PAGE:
An embezzlement charge is a form of theft in California. Under California Penal Code §503 it is unlawful for a person to misappropriate property entrusted to them due to their position. It is taken more seriously by courts than that of theft because the person who is stealing is someone who has been entrusted with the property.
For example, let’s say a bank teller has been collecting deposits from customers and putting half into her own account. She will be charged, and most likely convicted, of embezzlement.
Due to the fact that embezzlement is a form of theft, a person who is charged and convicted of embezzlement will be sentenced within a range provided by the theft statute under the California Penal Code. PC §§487 and 488 establish a range for potential penalties that may be imposed if a person is convicted of the charge.
The section a person is charged under will be determined by the value of the property that was embezzled. If it is over $950 it will be charged as grand theft under Penal Code §487. If the amount was less than $950, it will be charged under Penal Code §488.
If the amount is under $950, it will more likely than not be charged as a misdemeanor. However, a charge over $950 may be charged as either a misdemeanor or a felony. The final charge will depend on the specific circumstances of the case as well as the person’s criminal history.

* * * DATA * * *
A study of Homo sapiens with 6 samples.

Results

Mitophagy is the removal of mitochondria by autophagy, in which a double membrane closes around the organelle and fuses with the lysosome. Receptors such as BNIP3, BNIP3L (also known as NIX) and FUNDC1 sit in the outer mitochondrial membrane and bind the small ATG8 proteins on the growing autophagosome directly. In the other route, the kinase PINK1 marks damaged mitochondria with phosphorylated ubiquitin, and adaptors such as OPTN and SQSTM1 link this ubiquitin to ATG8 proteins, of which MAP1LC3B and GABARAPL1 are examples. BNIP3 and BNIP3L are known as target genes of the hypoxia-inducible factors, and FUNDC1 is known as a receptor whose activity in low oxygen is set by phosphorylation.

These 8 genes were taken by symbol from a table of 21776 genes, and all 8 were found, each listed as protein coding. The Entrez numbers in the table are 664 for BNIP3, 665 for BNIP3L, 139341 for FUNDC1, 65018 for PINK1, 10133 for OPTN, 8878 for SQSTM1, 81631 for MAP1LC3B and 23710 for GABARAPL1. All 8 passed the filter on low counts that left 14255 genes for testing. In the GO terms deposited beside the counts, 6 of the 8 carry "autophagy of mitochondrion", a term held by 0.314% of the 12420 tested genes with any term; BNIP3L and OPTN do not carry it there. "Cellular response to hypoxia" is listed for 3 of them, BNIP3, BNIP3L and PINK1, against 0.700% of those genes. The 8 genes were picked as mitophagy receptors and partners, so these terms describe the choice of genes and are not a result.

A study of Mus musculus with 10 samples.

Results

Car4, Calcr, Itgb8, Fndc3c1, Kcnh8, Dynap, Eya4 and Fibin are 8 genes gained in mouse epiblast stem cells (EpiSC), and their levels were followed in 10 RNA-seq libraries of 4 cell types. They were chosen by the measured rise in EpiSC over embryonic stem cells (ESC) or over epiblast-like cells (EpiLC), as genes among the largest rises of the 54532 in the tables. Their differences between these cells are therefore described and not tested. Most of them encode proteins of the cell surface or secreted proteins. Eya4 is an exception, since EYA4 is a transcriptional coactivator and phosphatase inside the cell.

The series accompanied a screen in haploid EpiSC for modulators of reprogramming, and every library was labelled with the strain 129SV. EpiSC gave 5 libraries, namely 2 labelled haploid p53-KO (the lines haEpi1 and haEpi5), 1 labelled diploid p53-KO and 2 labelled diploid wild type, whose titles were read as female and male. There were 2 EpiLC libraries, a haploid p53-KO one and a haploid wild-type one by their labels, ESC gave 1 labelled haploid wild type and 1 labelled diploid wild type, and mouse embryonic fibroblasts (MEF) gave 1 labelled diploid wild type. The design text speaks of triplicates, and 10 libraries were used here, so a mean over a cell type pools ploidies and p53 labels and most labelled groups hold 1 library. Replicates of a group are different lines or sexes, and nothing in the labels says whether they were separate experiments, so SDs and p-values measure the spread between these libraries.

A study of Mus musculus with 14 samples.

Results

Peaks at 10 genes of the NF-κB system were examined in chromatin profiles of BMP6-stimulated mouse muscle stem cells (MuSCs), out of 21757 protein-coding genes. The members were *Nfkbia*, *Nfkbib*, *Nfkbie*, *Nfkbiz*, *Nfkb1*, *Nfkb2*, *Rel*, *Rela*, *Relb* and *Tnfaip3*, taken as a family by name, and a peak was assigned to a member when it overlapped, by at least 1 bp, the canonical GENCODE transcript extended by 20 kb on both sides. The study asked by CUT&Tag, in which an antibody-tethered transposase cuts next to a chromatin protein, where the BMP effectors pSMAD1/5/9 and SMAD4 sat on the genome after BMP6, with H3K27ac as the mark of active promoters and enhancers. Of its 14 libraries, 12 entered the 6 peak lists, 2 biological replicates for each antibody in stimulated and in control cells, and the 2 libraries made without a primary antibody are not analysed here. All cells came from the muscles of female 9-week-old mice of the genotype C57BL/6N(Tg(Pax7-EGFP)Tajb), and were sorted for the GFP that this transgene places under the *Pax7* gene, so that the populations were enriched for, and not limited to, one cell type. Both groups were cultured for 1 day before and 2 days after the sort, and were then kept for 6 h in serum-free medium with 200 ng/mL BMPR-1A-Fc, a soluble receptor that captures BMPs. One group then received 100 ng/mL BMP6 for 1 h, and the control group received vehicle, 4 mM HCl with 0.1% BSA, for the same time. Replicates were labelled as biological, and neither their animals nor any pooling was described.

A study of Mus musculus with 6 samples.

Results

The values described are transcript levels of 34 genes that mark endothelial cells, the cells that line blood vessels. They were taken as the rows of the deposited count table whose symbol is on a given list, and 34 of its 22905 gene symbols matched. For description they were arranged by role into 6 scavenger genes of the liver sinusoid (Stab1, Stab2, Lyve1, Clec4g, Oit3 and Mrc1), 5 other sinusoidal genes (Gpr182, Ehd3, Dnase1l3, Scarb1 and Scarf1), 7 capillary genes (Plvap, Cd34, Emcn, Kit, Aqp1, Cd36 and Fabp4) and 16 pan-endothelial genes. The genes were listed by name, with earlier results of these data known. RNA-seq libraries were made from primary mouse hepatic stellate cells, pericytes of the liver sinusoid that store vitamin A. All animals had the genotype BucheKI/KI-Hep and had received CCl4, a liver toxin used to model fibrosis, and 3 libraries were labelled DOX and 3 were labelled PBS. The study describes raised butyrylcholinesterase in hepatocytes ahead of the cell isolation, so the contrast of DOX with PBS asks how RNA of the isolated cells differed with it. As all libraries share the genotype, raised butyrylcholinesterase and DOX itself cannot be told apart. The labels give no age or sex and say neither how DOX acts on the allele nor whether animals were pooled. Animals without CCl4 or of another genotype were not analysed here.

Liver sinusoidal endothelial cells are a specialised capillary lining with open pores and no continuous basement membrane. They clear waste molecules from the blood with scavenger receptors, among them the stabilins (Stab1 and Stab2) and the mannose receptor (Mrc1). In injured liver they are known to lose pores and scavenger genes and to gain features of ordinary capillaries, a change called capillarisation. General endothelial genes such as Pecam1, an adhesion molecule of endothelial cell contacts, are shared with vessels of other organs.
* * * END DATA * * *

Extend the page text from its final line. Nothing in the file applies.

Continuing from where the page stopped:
For example, let’s say a person embezzles about $2,000 from her work, putting it into personal funds instead of company funds she will be charged with embezzlement. Since it is $2,000 ( over $950) she will be sentenced according to established ranges in Penal Code §487. She has embezzled funds from her previous two jobs and has been convicted before. Furthermore, she has another theft charge for which she was convicted for stealing clothing valued at $1000. Due to the increased amount of $2,000 that she has embezzled and her previous record that shows a disposition of theft, she will likely be charged with a felony.
Felony charges under Grand Theft will have a range up to 16 months to three years in state prison and a maximum fine of $10,000. A misdemeanor charge under the Grand Theft statute will have a range of up to one year in county jail and up to $1,000 in fines, or both.
If the property embezzled was less than $950, the person will be charged under the petty theft statute. The potential consequences for petty theft are much less than Grand Theft. The person can face anywhere up to six months in county jail, or a fine of up to $1,000.
The potential penalties for theft are imposed by legislation as a guideline for courts to use. A person may be charged at the low end of the spectrum without ever serving any jail time and a minimal fine. To present the best possible defense consult an experienced Los Angeles Theft Lawyer so that they can prepare a strong argument that will give your case the best possible chance of being reduced or possibly even dismissed.